American women at high risk for breast cancer, such as Angelina Jolie, often opt for a preventive mastectomy. But in France, women tend to stay away from the surgery, preferring to be closely monitored by doctors.


In revealing her double mastectomy on Tuesday, actress Angelina Jolie raised questions about cancer prevention treatments around the world, especially in countries like France, where preventive mastectomy is rarely recommended by doctors.

Angelina Jolie, the new face of the fight against cancer

One in eight women are diagnosed with breast cancer in France, according to the Institut Curie, one of the largest cancer research centres in Europe.

“In a lifetime, women in France have a 12 percent chance of developing breast cancer,” said Dr. Pascale This, from the Institut Curie, a figure that makes it one of the most common types of cancer found in French women.

Some women, like Angelina Jolie, are at higher risk than others, including those with a strong family history of cancer. They often carry a mutation on the BRCA1 or BRCA2 genes that makes them more vulnerable to developing the disease.

“It’s important to make clear that it’s the mutation on those genes that puts the women at risk, not the genes themselves,” said Dr. This.

“The women who carry the BRCA1 mutation see the chances [on average] of developing breast cancer rise to 65 percent, and 45-50 percent for those carrying the BRCA2 mutation,” she said.

Learning that you have the faulty gene, thanks to a simple blood test, can greatly diminish the risk of developing breast cancer.

A free but complicated procedure in France

However, prevention options available to those women are regarded differently in France and the US.

Myriad Genetics, the only US lab that offers the test, owns the patents for the gene tests available in the US, which cost between $3,000 to $4,000 each. Last month, the US Supreme Court took up the issue of whether human DNA can be the subject of a patent and a decision in the case is expected in a few weeks. Experts believe a decision against Myriad would help reduce the cost of the tests and increase access.

In the US, high-risk women who can afford the $3,000 genetic test can simply walk into a centre to have their blood drawn, then send it to Myriad Genetics, the only lab in the US to offer the test. If the test indicates a gene mutation, a woman can choose to undergo a preventive mastectomy, reducing her risk of breast cancer by 95 percent.

French patients, on the other hand, face a longer process.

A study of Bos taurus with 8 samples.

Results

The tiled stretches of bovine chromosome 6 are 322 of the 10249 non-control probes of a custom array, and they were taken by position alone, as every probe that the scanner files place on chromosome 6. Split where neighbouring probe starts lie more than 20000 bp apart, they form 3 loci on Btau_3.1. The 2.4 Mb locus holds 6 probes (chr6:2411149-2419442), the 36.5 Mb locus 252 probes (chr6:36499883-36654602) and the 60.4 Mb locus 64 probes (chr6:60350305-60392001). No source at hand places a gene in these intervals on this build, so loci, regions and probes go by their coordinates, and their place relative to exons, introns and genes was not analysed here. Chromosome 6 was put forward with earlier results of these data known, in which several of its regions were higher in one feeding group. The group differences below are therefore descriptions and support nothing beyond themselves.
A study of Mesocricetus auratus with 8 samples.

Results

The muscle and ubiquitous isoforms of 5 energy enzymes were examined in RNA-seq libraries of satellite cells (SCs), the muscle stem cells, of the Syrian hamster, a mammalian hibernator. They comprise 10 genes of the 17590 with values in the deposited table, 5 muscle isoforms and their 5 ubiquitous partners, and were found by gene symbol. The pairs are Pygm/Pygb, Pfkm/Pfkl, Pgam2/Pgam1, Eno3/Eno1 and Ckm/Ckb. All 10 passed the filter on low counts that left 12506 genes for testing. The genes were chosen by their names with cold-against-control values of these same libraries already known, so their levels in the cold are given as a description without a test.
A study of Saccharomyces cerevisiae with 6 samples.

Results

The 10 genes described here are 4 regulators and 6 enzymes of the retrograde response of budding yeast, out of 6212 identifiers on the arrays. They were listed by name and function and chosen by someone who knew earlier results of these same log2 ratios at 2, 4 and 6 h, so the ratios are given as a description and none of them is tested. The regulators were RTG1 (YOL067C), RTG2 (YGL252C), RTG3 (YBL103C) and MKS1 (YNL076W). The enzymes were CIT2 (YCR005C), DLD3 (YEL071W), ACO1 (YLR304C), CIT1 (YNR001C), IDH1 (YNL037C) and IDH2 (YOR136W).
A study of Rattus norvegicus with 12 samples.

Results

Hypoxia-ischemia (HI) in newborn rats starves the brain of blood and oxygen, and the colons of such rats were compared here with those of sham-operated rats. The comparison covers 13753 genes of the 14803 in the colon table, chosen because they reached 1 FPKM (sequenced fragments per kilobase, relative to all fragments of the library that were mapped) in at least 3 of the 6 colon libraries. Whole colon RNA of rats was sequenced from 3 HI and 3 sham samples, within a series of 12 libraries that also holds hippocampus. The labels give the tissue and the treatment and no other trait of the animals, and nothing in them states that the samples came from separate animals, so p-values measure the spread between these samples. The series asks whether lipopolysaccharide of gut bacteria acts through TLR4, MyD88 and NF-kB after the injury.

First, they go to an oncology consultation to determine their risk level. If doctors consider the risk level high enough, they can prescribe the genetic test for free through the public health-care system.

If and when the genetic mutation is diagnosed, patients are then given two options: the preventive mastectomy or specialised close monitoring, with regular mammograms and scans. “Doctors in the US, in the Netherlands or the UK generally recommend the surgical procedure, but not in France,” said Dr. This.

French women 'culturally' opposed to mastectomy

Although doctors in France explain the mastectomy procedure and present it as an option to their patients, they tend to advise against it. “We prefer the screening method, where we can detect cancer at its early stages, rather than the preventive method,” she said.

But there are also downsides to choosing monitoring over the mastectomy. “There is no guarantee of a risk reduction, and it can be very nerve-wracking,” added Dr. This.
Yet, she said, five percent of patients in France choose the preventative mastectomy. “It’s a very long and tough procedure with physical and aesthetic consequences,” she said, adding that “with a loss of sensitivity in the nipple area, it can also have an impact on women’s sex life.”
In the US, the Netherlands or the UK, the number of at-risk women who opt for a preventive mastectomy ranges from 30 to 40 percent, according to Insitut Curie figures. “They are more pragmatic,” said Dr. This, adding that French women tend not to undergo the "mutilating procedure" for “cultural reasons.”
Will Angelina Jolie’s publicised choice change French doctors' and patients' attitude towards mastectomy in France? Dr. This doesn’t think so. “We won’t offer mastectomies to patients who don’t go through the full process,” she said. Women who want the mastectomy will still have to face reluctant doctors.
However, Dr. This still thinks Angelina Jolie’s choice, and the media buzz around it, has benefits, and raises awareness. “Access to information is of the utmost importance. From an ethical point of view, all women need to be informed of their options,” she said.